Anne Brontë (7 January 1820 – 28 May 1849 / Thornton, West Riding of Yorkshire, England)
Come to the banquet -- triumph in your songs!
Strike up the chords -- and sing of Victory!
The oppressed have risen to redress their wrongs;
The Tyrants are o'erthrown; the Land is free!
The Land is free! Aye, shout it forth once more;
Is she not red with her oppressors' gore?
We are her champions -- shall we not rejoice?
Are not the tyrants' broad domains our own?
Then wherefore triumph with a faltering voice;
And talk of freedom in a doubtful tone?
Have we not longed through life the reign to see
Of Justice, linked with Glorious Liberty?
Shout you that will, and you that can rejoice
To revel in the riches of your foes.
In praise of deadly vengeance lift you voice,
Gloat o'er your tyrants' blood, you victims' woes.
I'd rather listen to the skylarks' songs,
And think on Gondal's, and my Father's wrongs.
It may be pleasant, to recall the death
Of those beneath whose sheltering roof you lie;
But I would rather press the mountain heath,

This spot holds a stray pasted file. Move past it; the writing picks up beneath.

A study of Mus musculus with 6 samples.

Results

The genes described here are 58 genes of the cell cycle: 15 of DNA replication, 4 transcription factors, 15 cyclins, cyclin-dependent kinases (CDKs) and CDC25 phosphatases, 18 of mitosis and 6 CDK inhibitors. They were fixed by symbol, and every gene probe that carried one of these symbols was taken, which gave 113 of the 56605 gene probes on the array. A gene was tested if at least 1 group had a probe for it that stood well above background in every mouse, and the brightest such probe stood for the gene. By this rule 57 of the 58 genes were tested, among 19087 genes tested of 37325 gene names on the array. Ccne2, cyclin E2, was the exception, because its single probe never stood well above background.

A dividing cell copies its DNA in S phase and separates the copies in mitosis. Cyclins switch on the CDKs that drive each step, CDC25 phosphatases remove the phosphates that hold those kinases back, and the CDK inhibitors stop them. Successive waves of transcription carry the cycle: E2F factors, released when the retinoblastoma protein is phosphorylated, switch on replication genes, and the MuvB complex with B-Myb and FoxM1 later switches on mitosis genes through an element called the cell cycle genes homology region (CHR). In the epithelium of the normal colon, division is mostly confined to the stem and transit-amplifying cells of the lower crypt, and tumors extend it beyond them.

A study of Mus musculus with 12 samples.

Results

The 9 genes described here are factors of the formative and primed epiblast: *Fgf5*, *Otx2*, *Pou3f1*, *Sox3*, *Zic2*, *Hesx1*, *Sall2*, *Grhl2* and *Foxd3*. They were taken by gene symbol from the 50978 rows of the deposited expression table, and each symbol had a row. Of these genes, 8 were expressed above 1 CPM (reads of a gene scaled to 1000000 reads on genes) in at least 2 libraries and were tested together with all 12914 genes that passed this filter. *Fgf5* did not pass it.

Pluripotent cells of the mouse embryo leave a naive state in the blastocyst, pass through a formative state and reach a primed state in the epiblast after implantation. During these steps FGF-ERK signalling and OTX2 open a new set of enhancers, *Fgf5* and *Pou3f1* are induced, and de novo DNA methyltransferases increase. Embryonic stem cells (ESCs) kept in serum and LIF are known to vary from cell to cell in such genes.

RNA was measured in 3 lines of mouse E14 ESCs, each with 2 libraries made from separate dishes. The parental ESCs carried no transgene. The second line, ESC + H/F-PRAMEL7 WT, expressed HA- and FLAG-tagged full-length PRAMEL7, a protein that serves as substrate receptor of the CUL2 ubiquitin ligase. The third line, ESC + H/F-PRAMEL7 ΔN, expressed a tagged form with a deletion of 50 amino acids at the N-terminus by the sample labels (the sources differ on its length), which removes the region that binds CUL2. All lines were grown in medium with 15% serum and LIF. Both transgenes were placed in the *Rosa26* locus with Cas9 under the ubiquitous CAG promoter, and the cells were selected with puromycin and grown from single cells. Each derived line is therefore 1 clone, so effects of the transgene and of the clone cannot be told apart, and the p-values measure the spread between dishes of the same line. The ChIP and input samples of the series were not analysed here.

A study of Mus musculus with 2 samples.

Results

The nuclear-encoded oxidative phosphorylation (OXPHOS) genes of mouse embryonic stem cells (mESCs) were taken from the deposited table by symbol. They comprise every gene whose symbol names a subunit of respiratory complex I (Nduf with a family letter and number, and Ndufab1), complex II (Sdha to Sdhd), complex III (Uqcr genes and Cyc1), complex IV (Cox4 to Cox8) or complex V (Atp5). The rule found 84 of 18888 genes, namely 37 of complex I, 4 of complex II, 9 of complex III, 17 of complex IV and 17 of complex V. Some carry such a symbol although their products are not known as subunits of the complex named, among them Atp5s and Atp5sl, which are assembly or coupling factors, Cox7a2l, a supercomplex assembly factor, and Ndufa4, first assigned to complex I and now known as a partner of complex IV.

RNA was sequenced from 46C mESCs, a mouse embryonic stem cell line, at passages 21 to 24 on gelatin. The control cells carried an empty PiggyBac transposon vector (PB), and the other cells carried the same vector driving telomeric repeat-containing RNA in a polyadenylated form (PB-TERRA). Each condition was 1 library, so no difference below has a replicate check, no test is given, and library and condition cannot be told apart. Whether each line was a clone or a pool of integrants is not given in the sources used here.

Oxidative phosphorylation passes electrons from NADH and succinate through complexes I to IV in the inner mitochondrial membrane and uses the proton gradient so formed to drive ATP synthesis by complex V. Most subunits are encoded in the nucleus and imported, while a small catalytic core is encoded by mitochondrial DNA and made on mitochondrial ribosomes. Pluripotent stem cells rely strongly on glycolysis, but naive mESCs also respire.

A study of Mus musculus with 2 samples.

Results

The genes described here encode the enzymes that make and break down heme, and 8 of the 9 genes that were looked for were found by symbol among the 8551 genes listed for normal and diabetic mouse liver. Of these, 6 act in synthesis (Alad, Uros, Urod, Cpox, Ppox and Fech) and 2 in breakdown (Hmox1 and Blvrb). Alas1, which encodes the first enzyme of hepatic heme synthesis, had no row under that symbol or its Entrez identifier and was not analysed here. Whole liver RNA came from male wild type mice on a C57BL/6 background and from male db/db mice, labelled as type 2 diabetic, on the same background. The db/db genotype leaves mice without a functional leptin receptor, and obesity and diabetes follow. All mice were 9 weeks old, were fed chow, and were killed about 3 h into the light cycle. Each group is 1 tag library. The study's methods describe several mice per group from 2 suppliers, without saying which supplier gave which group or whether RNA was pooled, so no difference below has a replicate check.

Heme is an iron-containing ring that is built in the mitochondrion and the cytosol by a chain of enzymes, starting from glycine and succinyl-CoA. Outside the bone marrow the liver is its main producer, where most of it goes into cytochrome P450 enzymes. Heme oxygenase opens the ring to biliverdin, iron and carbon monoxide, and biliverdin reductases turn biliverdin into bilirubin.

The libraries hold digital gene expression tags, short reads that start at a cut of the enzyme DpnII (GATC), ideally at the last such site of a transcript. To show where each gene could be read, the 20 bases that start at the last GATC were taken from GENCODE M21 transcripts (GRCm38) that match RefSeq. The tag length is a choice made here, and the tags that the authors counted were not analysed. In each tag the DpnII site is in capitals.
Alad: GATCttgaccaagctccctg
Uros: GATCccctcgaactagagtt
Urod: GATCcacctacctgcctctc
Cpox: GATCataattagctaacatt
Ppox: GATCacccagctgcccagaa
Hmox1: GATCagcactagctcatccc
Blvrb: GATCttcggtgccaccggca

With naught to shield me from the starry sky,
And dream of yet untasted victory --
A distant hope -- and feel that I am free!
O happy life! To range the mountains wild,
The waving woods -- or Ocean's heaving breast,
With limbs unfettered, conscience undefiled,
And choosing where to wander, where to rest!
Hunted, oppressed, but ever strong to cope --
With toils, and perils -- ever full of hope!
'Our flower is budding' -- When that word was heard
On desert shore, or breezy mountain's brow,
Wherever said -- what glorious thoughts it stirred!
'Twas budding then -- Say has it blossomed now?
Is this the end we struggled to obtain?
O for the wandering Outlaw's life again!